Students at Lake Superior State University have had the unique opportunity to pursue a degree in cannabis chemistry since 2019. Now, they can also get cash to do it.
The university in Sault Ste. Marie, Michigan, is offering its first cannabis chemistry scholarship.
Steadfast Labs, a cannabis testing facility in Hazel Park, Michigan, is funding an annual $1,200 scholarship for students pursuing a degree in cannabis chemistry at LSSU.
“We’re committed to encouraging and supporting the best scientific talent,” Avram Zallen, founder and CEO of Steadfast Labs told CNN. “We believe that education is the key to raising the level of safety and integrity in the industry – education of the consumer and education within the industry.”
“The scholarship reinforces key components of our vision statement: being vanguard-focused and driving social mobility,” LSSU President Dr. Rodney S. Hanley said.
Applicants must be at least sophomores and have a GPA of at least 3.0. Preference will be given to students living in the Detroit area, which is where the company’s service areas are located.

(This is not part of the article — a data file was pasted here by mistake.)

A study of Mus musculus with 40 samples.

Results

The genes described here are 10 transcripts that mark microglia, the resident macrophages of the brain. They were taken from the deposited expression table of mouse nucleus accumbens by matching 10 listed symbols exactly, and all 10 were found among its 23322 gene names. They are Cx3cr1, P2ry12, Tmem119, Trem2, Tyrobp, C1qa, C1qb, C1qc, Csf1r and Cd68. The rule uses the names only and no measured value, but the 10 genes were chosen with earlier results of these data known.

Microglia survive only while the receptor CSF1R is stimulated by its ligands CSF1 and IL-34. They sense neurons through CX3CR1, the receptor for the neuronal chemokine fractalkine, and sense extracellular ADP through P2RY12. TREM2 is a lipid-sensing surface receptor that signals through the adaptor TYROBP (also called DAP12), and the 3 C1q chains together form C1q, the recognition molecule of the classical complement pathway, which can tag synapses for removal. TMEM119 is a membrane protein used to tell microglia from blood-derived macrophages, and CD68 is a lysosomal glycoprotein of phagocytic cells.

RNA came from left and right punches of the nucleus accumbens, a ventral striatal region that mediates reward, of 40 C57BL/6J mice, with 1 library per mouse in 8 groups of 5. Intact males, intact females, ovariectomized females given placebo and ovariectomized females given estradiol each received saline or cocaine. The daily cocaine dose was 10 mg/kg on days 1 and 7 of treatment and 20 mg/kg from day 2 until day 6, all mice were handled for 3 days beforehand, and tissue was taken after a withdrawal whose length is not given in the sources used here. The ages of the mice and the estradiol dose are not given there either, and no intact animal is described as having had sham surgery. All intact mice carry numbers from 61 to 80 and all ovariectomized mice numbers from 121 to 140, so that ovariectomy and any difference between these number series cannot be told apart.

This isn’t the school’s first time serving as a trailblazer in the cannabis industry. In 2019, it opened the first cannabis chemistry program in the nation, according to the university’s news release.
Enrollment in the program has been “growing exponentially,” College of Science and the Environment Dean Steve Johnson told CNN.
In February 2020, LSSU opened its cannabis chemistry facility. Students use real cannabis buds as opposed to plant surrogates. LSSU says it remains “fully compliant with all legal requirements for the limited use of regulated materials in an educational setting.” Recreational and medical marijuana use is legal in Michigan.
While LSSU says it created the first program in the US “focused squarely on cannabis chemistry,” universities across the country have been starting to offer classes on marijuana in recent years.
LSSU claims the cannabis industry is projected to create more than 500,000 jobs by 2022. The school’s website says students that graduate with a cannabis degree will be equipped for jobs in “emerging cannabis markets of law enforcement laboratory scientist, public health and safety, regulatory management, and business applications.” Positions students would be qualified for include clinical chemist, food safety & quality assurance chemist, and formulation/process development scientist.